A World Health Organization chief appealed Friday for European nations and Big Pharma to unite in the struggle to accelerate coronavirus inoculations, as Johnson & Johnson applied for emergency authorisation of its single-shot vaccine in the United States.
Pressure is growing not only on wealthy nations to speed up their stuttering rollouts, but also for a more equitable allocation of precious vaccine supplies to poorer countries, in a push to end a pandemic that has claimed close to 2.3 million lives.
Supply shortages and diplomatic bickering have marred the vaccine rollouts in Europe, where just 2.5 percent of the population has received a first dose, with the production capacity at pharmaceutical plants a source of tension between the firms and EU bosses.
"We need to join up to speed up vaccinations," WHO Europe director Hans Kluge told AFP in an interview.
"Otherwise competing pharmaceutical companies (must) join efforts to drastically increase production capacity... that's what we need."
The virus is known to have infected more than 104 million people globally, and experts have warned that vaccines will only help control its spread and end unpopular and economically painful restrictions if the whole world is covered.
The milestone of 100 million administered doses was passed on Tuesday, but 65 percent of them were in countries the World Bank classifies as high-income.
Kluge reiterated the WHO's call for rich countries to help poorer parts of the world, urging them to donate spare doses after inoculating the most vulnerable parts of their populations.
"We know that in the EU, Canada, UK, US, they all ordered and made deals for four to nine times more doses than they need," he said.
"So my point here is: don't wait until you have 70 percent of the population (vaccinated) to share with the Balkans, to share with central Asia, Africa."
The Red Cross has launched a campaign to get 500 million doses to poorer countries, with its chief warning unequal distribution could "prolong or even worsen this terrible pandemic".
- Variant worries -
Pharma giant Johnson & Johnson asked US regulators on Thursday for emergency authorisation of its vaccine, which offers logistical advantages compared to the already approved Pfizer-BioNTech and Moderna shots because it does not require two doses or super-cold storage.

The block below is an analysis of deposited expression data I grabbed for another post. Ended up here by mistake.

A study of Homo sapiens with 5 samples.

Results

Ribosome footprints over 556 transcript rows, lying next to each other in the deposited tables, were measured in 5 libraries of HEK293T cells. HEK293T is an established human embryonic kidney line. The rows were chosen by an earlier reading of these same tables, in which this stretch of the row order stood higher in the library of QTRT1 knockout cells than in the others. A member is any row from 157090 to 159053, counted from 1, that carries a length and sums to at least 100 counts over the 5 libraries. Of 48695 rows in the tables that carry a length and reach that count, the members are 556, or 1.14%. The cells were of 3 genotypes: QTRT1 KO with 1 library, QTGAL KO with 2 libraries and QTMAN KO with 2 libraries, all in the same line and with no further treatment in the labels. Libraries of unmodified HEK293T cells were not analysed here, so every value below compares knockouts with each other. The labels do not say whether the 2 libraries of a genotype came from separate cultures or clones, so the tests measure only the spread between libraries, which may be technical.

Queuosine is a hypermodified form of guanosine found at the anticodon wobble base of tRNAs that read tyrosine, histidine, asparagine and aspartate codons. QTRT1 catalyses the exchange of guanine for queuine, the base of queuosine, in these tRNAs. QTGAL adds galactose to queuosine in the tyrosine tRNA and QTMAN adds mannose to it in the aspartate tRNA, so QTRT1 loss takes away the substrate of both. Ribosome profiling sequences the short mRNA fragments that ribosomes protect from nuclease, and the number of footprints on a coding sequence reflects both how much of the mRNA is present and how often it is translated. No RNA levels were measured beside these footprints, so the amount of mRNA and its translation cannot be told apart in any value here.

J&J has said it is on track to supply 100 million doses to the United States if authorised, a major vaccine supply boost to the hardest-hit nation in the world.
But trials have shown the J&J vaccine does not protect as well against a highly transmissible variant first identified in South Africa that is rapidly spreading around the world.
Meanwhile, hopes have been boosted by strong results from Russia's Sputnik V vaccine, which Moscow has offered to a number of countries. The first shipment of the Russian shots has arrived in Iran, which is fighting the Middle East's worst outbreak and has ruled out using Western vaccines.
Serbia has opted for the jab developed by China's Sinopharm, helping it attain Europe's fastest vaccination rate.
- Fighting misinformation -
The new variants and vaccine supplies are not the only concerns. Public health experts and governments are also being forced to fight misinformation and conspiracy theories.
Few African countries have launched mass immunisation schemes yet but there is already growing scepticism about vaccines, fuelled in part by mistrust of the elites in countries such as South Africa.
"What if most people get a third-grade kind of vaccine?" asked Mbali Tshabalala, 35, a resident of the Soweto township in Johannesburg. "It gives me sleepless nights."
While authorised vaccines have been declared safe by experts, Australia said Friday that it would keep a mandatory two-week quarantine for all overseas visitors because it had not seen enough evidence that vaccines limit people's ability to transmit the disease.
But there was some good news from Down Under for tennis fans, as a testing blitz revealed no new coronavirus cases at the Australian Open, putting preparations for the year's first Grand Slam back on track.
Planning was thrown into disarray when a worker at one of the designated tournament hotels became infected.